The coronavirus pandemic has forced drastic changes across the world – many people face unemployment, travel plans have been cancelled and public places are empty as some work from home, practise social distancing and self isolate.
As most countries enforced restrictions on movement to curb the spread of the novel virus, at one point it was estimated 3 billion people were under some form of lockdown.
Religous groups have adjusted to the new realities, including Muslims.
The coronavirus pandemic will see the world’s Muslim population – about 2 billion people – observe the holy month of Ramadan in new ways, refraining from social gatherings to break fasts, abandoning communal prayers and even providing charity at a distance.
In most Muslim-majority nations, mosques have closed and Friday prayers, which gather up to thousands of worshippers at a time, have been suspended.
Umrah – a mini-pilgrimage that takes place year-round at the Masjid al-Haram, or the Grand Mosque, in Mecca, Saudi Arabia was suspended indefinitely.
Saudi Arabia announced on Tuesday that Taraweeh, special Ramadan prayers at the Grand Mosque and Al-Masjid an-Nabawi, the Prophet Muhammad’s mosque, in Medina, will take place, but with no public attendance.
Only mosque staff are expected to perform the nightly prayers, as recently reported.
These far-reaching steps are unusual in the 1400-year history of Islam, with no verifiable evidence to suggest mass gatherings have been suspended on this scale during Ramadan.
But there have been times when mass religious gatherings were partially or fully halted in the Muslim world.
“The closing of mosques or cancelling mass gatherings … has happened many times for different reasons,” Mutaz Al–Khatib, assistant professor at the Research Center for Islamic Legislation and Ethics at Hamad Bin Khalifa University in Doha, Qatar, told Al Jazeera, explaining that wars, natural disasters such as floods, and epidemics have previously halted religious events.
Here are some examples through history when Muslims have changed traditions amid critical circumstances.
The annual Hajj pilgrimage was cancelled after the leader of the Qarmatian tribe, based in eastern Arabia (present-day Bahrain), attacked Mecca in unprecedented fashion.
Tens of thousands of people, as many as 30,000 according to some accounts, were killed.
“The Qarmatian raid was a significant incident … it was quite a big moment in Islamic history”, Umar al-Qadri, an Islamic scholar and chief imam at the Islamic Centre of Ireland in Dublin, told Al Jazeera.
“Abu Tahir al-Jannabi, who led the raid, not only attacked Mecca and prayers were suspended, [he] also disrespected very sacred symbols of Islam,” he added.
The Black Stone, a rock set into a corner of the Kaaba, was looted and pieces of it were stolen.
The group also desecrated the holy Well of Zamzam, which is close to the Kaaba, throwing in bodies of murdered pilgrims.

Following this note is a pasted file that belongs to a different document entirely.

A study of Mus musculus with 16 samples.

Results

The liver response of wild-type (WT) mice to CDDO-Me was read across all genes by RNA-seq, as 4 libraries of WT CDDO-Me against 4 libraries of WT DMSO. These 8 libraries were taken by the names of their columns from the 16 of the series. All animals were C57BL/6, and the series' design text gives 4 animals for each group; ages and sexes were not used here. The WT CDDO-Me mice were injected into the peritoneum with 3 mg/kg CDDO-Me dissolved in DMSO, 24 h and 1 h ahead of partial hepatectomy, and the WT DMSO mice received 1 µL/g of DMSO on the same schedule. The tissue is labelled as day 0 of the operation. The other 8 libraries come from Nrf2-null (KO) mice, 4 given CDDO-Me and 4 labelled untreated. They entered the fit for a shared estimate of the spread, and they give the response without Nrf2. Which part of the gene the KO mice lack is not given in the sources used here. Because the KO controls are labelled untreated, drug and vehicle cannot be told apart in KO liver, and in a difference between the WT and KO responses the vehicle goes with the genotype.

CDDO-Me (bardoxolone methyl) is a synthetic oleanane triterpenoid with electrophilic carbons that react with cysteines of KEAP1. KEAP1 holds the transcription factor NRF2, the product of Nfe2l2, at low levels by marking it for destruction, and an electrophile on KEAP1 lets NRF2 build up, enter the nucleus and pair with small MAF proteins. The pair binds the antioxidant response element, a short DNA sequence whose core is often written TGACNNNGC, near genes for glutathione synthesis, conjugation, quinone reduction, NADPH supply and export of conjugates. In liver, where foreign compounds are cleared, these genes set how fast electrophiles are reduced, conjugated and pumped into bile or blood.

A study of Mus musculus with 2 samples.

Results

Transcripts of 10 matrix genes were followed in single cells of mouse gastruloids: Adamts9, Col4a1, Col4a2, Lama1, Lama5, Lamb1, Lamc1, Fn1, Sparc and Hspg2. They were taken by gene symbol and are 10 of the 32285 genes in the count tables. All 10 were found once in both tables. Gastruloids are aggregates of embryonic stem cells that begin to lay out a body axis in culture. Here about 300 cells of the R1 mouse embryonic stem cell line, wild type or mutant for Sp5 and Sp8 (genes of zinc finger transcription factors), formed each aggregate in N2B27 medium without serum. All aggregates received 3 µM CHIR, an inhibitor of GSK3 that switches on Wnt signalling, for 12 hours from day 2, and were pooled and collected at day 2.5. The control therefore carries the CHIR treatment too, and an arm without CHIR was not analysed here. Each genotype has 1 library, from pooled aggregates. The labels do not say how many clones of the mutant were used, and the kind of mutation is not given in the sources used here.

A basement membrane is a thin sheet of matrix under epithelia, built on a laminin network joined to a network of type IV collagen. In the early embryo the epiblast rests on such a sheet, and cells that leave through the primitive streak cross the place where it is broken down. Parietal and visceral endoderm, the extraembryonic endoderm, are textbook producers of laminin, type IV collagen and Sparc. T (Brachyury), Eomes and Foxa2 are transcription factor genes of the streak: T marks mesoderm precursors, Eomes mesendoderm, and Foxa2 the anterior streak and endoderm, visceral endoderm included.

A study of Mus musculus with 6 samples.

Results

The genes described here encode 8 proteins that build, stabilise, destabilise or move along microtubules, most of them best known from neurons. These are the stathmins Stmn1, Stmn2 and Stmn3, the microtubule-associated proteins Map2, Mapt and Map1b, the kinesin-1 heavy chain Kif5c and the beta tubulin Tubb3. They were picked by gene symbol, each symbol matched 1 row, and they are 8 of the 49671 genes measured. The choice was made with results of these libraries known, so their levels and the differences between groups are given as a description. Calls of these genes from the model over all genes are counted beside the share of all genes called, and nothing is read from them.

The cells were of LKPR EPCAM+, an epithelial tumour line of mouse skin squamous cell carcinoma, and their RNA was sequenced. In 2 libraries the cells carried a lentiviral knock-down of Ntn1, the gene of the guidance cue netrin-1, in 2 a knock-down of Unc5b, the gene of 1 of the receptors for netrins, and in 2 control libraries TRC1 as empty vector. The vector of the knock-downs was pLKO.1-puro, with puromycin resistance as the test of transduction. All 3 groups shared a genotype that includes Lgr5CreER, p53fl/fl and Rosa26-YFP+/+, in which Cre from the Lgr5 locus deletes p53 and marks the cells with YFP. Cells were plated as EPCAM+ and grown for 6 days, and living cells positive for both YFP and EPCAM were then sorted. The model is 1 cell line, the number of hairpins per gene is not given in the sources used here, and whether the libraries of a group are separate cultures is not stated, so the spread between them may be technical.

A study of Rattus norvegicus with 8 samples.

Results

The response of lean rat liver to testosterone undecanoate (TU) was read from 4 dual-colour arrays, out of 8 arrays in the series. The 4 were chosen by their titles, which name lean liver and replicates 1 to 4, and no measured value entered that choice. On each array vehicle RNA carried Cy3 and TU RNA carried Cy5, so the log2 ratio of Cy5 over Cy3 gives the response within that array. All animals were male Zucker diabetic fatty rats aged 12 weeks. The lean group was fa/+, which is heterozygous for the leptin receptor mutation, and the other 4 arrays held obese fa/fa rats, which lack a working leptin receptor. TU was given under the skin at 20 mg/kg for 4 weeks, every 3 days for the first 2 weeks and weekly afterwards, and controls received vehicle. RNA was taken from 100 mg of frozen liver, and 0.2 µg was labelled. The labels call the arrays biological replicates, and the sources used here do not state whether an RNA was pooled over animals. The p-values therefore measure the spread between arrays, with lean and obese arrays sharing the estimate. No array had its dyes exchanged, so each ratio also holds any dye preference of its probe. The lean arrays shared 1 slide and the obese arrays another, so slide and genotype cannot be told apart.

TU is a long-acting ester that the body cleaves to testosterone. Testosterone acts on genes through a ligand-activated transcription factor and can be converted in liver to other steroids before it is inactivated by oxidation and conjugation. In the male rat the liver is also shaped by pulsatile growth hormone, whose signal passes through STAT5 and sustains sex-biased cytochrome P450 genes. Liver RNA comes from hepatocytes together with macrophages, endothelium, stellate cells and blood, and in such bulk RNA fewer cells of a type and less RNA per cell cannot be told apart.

After the attack, the Hajj was suspended. The Black Stone was finally returned to Mecca some 20 years later.
Devastating cholera outbreaks several times throughout the 19th century resulted in the suspension of pilgrimages, including Hajj in 1837 and 1846.
After the disease returned in 1865 in Hejaz, a region of Saudi Arabia that includes Mecca, an international conference was called in Constantinople, modern-day Istanbul.
It was decided that quarantine ports would be set up in places like Sinai and Hejaz to help limit the spread of the disease, as pilgrims set on their journey to perform Hajj.
Between 1830 and 1930, there were at least 27 cholera outbreaks among pilgrims in Mecca.
A Saudi armed group of 400 to 500 men seized the Grand Mosque between November and December 1979, forcing the mosque’s closure for at least two weeks.
The takeover was led by a former Saudi soldier, Juhayman ibn Muhammad ibn Sayf al-Otaybi, who was critical of the kingdom’s ruling family, and called for a return to what he deemed the original Islam.
The siege finally ended after Saudi forces retook the mosque, helped by a French tactical police unit.
As the Ebola outbreak peaked in the early 2010s, countries around the world took measures to suspend issuing visas for several west African states, the epicentre of the virus.
In 2014, Saudi Arabia temporarily stopped issuing Umrah and Hajj visas for citizens of Guinea, Liberia and Sierra Leone.
The outbreak killed over 11,000 people.
On April 29, Friday prayers were cancelled in the Syrian city of Aleppo after a series of government-led air strikes that left mosques in ruins.
Religious councils called on Aleppo residents to keep away from mosques, the first time such a step was taken in the historical city.
“For the first time in the oldest city in the world, the Islamic city of Aleppo, the religious councils have decided to cancel Friday prayers because of the brutal war on human life,” a joint statement said.
“This is to save people who have become a target for the regime [government] and to save others in this massacre.”